An astute reader of energy physics and economics should understand the obvious failings of the above diagram for any argument about energy intensity of economies:
- The graph measures energy use per GDP unit, whilst including all of the financial GDP. However, financial GDP is pure speculative money, consuming very little energy, but also contributing very little to society. Further, using USA as a proxy for most OECD countries, financialization of the economy has been growing steadily for several decades now. It should be cleaned from the GDP to get a more meaningful measure of 'energy use per unit of GDP in the real productive economy'.
- The energy consumption is based on figures from BP, which does not account for grey energy imports. Grey energy imports have been rising for all OECD and lately even for developing countries. They can account for up to 25% to 30% of total energy consumption. If not included, the figures can be seriously skewed, especially for developed industrial countries within the OECD.
- The correction to GDP figures (PPI 2009 level) has probably been done using CPI figures. We know from energy consumption figures, growth of monetary aggregates and statistical corrections done in the CPI calculations (i.e. hedonistics) that these figures are unreliable: they are likely to understate the inflation, thus overstating economic growth in real terms.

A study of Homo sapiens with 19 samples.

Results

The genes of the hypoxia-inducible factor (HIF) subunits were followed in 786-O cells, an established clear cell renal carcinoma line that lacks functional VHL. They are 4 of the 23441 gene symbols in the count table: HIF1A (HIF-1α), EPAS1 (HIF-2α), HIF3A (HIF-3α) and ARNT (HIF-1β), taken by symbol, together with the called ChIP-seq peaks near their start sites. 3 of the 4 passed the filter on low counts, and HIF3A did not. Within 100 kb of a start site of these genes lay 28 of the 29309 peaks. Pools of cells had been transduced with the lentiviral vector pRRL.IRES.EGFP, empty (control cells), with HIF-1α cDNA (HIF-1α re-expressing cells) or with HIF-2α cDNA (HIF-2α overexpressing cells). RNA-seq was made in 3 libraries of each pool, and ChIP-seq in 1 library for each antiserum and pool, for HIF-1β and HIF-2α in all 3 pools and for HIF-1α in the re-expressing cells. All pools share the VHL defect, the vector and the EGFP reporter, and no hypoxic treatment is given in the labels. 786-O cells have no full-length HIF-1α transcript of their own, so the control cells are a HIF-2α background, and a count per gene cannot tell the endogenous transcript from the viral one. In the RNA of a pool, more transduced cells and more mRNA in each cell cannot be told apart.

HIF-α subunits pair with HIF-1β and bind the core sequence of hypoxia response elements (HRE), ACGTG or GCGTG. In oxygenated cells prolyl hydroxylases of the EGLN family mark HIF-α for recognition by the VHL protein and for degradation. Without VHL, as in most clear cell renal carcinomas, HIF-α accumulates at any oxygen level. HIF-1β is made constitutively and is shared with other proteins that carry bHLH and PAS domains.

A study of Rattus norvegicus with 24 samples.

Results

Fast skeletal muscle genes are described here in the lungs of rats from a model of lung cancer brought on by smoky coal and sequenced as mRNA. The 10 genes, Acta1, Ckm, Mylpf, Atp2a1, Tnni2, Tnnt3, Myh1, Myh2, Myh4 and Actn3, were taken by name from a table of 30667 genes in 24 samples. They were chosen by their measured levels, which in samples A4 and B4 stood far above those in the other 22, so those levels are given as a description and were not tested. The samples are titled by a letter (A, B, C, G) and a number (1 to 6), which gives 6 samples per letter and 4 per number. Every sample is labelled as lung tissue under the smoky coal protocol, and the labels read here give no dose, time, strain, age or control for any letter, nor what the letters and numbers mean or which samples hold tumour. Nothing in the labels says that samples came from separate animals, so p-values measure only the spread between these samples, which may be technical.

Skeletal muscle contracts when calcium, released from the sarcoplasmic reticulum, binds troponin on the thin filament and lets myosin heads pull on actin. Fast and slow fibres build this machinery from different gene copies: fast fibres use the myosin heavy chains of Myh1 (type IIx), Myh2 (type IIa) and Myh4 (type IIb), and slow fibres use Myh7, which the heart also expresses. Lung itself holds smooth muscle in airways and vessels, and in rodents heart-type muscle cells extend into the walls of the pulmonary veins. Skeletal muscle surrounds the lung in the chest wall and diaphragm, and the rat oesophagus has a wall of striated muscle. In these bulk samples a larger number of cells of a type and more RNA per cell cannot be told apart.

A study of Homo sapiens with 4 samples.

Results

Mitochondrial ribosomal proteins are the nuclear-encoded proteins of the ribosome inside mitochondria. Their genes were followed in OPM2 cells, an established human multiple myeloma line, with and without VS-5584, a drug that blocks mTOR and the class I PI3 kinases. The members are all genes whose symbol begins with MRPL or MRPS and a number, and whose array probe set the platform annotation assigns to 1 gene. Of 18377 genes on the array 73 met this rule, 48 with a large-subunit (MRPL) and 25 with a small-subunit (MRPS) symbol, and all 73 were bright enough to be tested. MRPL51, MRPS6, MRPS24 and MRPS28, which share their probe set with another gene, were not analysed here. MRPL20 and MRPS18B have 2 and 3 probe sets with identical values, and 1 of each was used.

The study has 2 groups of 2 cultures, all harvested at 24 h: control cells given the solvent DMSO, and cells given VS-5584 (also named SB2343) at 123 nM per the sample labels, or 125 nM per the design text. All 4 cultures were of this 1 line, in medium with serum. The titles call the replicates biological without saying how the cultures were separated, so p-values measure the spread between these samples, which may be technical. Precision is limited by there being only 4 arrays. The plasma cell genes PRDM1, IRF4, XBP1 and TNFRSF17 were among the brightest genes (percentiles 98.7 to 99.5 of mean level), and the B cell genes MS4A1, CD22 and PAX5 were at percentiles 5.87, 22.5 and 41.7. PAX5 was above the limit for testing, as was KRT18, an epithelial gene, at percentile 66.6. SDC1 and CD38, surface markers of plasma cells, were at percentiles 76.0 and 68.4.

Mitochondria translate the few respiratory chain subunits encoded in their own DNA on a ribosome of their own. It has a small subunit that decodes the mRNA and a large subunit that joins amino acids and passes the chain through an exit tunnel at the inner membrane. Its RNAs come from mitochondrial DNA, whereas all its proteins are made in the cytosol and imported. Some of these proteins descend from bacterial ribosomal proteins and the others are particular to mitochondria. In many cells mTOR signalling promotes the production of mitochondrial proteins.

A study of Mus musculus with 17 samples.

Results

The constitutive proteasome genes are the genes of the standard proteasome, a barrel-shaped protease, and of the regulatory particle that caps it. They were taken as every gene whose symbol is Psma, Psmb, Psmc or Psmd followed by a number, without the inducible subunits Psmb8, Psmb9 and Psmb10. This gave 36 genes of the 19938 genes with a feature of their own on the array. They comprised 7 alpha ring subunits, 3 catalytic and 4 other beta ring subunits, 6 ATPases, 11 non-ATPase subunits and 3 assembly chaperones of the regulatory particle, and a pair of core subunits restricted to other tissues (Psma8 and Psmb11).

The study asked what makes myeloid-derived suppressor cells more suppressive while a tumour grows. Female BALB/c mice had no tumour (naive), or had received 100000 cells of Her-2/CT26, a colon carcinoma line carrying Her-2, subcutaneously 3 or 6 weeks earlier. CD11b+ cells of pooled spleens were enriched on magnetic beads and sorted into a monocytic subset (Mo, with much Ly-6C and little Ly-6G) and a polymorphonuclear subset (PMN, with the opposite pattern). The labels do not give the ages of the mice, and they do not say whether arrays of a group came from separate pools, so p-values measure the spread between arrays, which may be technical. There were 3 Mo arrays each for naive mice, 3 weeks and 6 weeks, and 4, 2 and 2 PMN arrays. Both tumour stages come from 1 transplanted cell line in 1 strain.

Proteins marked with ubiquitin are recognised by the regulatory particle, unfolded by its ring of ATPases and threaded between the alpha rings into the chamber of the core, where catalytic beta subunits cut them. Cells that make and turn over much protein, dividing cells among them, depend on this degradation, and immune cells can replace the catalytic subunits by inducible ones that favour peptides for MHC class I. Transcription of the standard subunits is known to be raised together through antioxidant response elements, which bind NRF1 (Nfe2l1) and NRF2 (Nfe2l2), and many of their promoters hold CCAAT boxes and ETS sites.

However, the most obvious and glaring misuse of the following graph to argument in favour of energy not being a problem for economic growth is thinking that GDP growth solves energy consumption growth. Make no mistake, absolute energy consumption is and has been going up (the only exception years being those of deep recessions). The energy consumption growth has just been relatively slower than the skewed GDP figures The Economist used above.
After all these minor statistical quibbles, the main problem is not the relative scarcity of energy sources to economic growth, but absolute consumption growth and absolute limits. Anybody with a half an hour's worth of reading in ecological economics should understand this immediately.
If energy consumption per capita as a % of GDP was the only problem, then we could avoid the rolling energy crisis by nationalizing everything and raising hourly wages for everyone by controlling prices. This would show up as increased GDP, near zero inflation and the amount of relative energy consumption to GDP would to go down.
That’s the theory anyway, if one is stupid enough to believe the misleading propaganda from The Economist.
Think for yourself. There is no substitute for it.